Discovery Sheds Lights on Rebbe’s Pre-WWII Acquaintance

In a newly published letter, the Rebbe relates a rare personal anecdote, shedding light on his acquaintance with the “Ilui of Warsaw”, this confirming the hypotheses of Chabad scholars.

In a newly published letter, the Rebbe relates a rare personal anecdote, shedding light on his acquaintance with the “Ilui of Warsaw”, this confirming the hypotheses of Chabad scholars.

On 14 Sivan 5741, Rabbi Alexander Singer sent a letter to the Rebbe, requesting a blessing and asking the Rebbe to pray for his mother, Rivka bas Freida, who was in critical condition. In his letter, he notes that his mother is the daughter of the late Rabbi Chaim Heller.

On the letter’s margin, next to the words “Daughter of Rabbi Chaim Heller,” the Rebbe wrote in his own handwriting, “I knew him personally, lehavdil bein chayim l’chayim.

These two words, “I knew him personally,” confirm the hypotheses of Chabad scholars, and scholars of the Rebbe’s history in general, who have written about an early acquaintance between Rabbi Heller and the Rebbe in Berlin, before the Holocaust.

The Gaon Rabbi Chaim Heller, or in Yiddish pronunciation, Helir, was born in Bialystok on 20 Tammuz 5639 (1879) to his father, Rabbi Yisrael Pinsker. He grew up in Warsaw where he became famous as the “Iluy of Warsaw.” From age 10, he stopped studying with teachers and instead sat and learned Torah alone, never studying in a Yeshiva.

After marrying the daughter of the wealthy Rabbi Alexander Sender Diskin of Lodz (the brother-in-law of Rabbi Chaim Shneur Zalman Yosef Schneersohn of Wielicz—Lodz), he settled in Warsaw. In his uncle’s house, he had the opportunity to meet with the greats Torah giants of that generation and talk with them in learning. Rabbi Eliyahu Chaim Meisel from Lodz testified that he “goes through the entire Shas in one glance”…

He was known for his brilliance and sharp wit, and his erudition in all segments of the Torah. He was a prolific author; he devoted extensive time to clarify girsaos and to edit several fundamental works, and also engaged extensively—due to his knowledge of languages —in researching some of the Torah translations, while waging a fierce war against “Bible critics.”

In 5674 (1914), he published an edition of the Rambam’s Sefer HaMitzvos, which is widely cited in Likkutei Sichos and throughout the Rebbe’s Torah. From his writings, it is apparent that he also planned to publish a new edition of the entire Mishneh Torah as well.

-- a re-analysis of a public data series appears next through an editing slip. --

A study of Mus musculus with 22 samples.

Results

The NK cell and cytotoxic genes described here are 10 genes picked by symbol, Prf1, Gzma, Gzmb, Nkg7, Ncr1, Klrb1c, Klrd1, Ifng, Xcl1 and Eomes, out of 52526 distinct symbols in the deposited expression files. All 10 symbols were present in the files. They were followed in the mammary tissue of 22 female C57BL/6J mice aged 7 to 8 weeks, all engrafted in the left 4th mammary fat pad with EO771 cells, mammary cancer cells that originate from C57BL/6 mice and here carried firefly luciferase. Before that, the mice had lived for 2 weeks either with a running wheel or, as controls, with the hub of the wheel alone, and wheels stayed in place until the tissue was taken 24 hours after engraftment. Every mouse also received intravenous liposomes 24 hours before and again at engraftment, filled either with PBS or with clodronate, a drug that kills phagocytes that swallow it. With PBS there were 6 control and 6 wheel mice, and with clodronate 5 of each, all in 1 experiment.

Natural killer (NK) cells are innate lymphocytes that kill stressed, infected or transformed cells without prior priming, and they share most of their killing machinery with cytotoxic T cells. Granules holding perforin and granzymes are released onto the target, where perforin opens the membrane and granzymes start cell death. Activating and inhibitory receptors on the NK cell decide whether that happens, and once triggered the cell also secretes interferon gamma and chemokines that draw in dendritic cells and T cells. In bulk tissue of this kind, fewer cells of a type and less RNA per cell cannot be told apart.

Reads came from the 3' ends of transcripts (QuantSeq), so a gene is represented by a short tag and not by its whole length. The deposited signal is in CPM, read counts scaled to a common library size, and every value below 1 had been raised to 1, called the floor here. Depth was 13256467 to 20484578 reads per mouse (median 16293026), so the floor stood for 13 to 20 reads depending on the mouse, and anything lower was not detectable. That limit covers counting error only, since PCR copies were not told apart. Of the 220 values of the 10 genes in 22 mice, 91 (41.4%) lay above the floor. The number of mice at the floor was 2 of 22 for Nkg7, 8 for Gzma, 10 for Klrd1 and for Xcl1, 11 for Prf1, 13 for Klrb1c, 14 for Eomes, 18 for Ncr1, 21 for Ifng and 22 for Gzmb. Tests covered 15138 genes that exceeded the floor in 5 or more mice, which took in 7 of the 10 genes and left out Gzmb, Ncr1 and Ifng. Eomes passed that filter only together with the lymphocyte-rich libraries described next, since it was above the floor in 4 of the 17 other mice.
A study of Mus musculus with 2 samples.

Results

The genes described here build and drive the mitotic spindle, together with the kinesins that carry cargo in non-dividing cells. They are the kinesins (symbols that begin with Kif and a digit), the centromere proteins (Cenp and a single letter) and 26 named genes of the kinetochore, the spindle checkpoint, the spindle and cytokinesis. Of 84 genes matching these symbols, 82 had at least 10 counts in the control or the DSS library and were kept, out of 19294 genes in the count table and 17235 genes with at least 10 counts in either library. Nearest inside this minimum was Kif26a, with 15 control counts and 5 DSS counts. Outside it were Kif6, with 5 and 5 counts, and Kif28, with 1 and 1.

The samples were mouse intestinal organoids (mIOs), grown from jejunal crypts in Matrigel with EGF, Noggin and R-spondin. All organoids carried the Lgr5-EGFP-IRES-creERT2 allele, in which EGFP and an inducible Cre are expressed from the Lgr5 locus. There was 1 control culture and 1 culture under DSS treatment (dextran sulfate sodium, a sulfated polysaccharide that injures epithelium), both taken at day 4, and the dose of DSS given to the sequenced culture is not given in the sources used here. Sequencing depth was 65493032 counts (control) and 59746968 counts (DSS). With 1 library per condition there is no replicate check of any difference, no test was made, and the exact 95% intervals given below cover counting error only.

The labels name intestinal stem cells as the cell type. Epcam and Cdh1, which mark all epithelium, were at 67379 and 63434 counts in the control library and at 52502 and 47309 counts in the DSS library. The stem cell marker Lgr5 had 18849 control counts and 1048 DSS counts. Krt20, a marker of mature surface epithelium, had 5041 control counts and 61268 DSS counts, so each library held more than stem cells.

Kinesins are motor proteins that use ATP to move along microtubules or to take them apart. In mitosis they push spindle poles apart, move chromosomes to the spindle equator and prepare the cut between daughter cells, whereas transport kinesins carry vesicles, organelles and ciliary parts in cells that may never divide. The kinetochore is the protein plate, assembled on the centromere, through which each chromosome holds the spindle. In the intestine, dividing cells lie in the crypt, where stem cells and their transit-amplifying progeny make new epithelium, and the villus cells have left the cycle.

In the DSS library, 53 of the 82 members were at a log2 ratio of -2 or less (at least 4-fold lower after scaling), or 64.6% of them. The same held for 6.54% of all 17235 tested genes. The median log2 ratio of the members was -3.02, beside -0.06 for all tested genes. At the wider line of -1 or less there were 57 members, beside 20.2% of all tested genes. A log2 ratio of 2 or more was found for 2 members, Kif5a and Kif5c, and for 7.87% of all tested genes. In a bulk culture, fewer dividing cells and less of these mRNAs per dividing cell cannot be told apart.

A few years after the First World War, he emigrated to Berlin, where he founded the “Beis Midrash Elyon” in 5682 (1922), which he directed for several years until its closure. After several years of wandering, he came to the United States and settled in New York, where he continued to write books and articles, and gave classes at Yeshivas Rabbeinu Yitzchak Elchanan (YU). He passed away on Erev Pesach 5720 (1960), and was buried in the Mt. Judah Cemetery in Ridgewood, NY, leaving behind a wife and three daughters.


In the special volume of Igros Kodesh which contains the letters of the Rebbe Rayatz to the Rebbe and Rebbetzin, we find the following message (dated 1 Elul 5689 (1929)): “Please meet with … Rabbi Heller … and bring him my regards, and ask him…” Over the years, he sent his books to the Rebbe Rayatz and corresponded with him as well. After the passing of the Rebbe Rayatz, Reb Chaim came to the Rebbe with Rabbi Yosef Dov Soloveitchik for nichum aveilim.

The Rebbe’s “personal acquaintance” with Reb Chaim began somewhere at the end of the years in which Reb Chaim lived in Berlin (5682-5689/1922-1929). According to the accounts, the Rebbe came to hear his shiurim in the Beis Midrash Elyon. The Rebbe lived in Berlin from 4 Teves 5688 (1927) until his wedding, and then he returned several months after the wedding (on 14 Kislev 5689 (1928) with Rebbetzin Chaya Mushka, remaining there until the end of the winter of 1933.


In the letter, the Rebbe goes on to write: “Surely all his writings have been published. If not—it is probably best to publish them now, at least. I think that his mother tichye has dealt with this in the past.”

On the margin of the letter, there is a handwritten note by the Rebbe’s secretary, Rabbi Leibel Groner: the answer was passed on, and the writer (the grandson) thinks everything was already printed—but that he would look into it to find out.

Indeed, several years later, “Mesoras Hatanach” in four volumes was printed by Rabbi Heller’s son-in-law, Rabbi Yosef Yitzchak Singer, the father of the letter-writer, based on the writings that were passed to him upon the death of his sister-in-law, Miriam, the daughter of Reb Chaim.

This historical discovery is published in the Igros Kodesh segment in the weekly pamphlet from Lahak Hanochos published for Acharei Mos (in chutz laaretz), Erev Rosh Chodesh Iyar.

Every week, newly discovered sichos, maamarim, and letters are published. To receive the weekly pamphlet, send an email to [email protected] with the subject line: Please add me to the weekly email.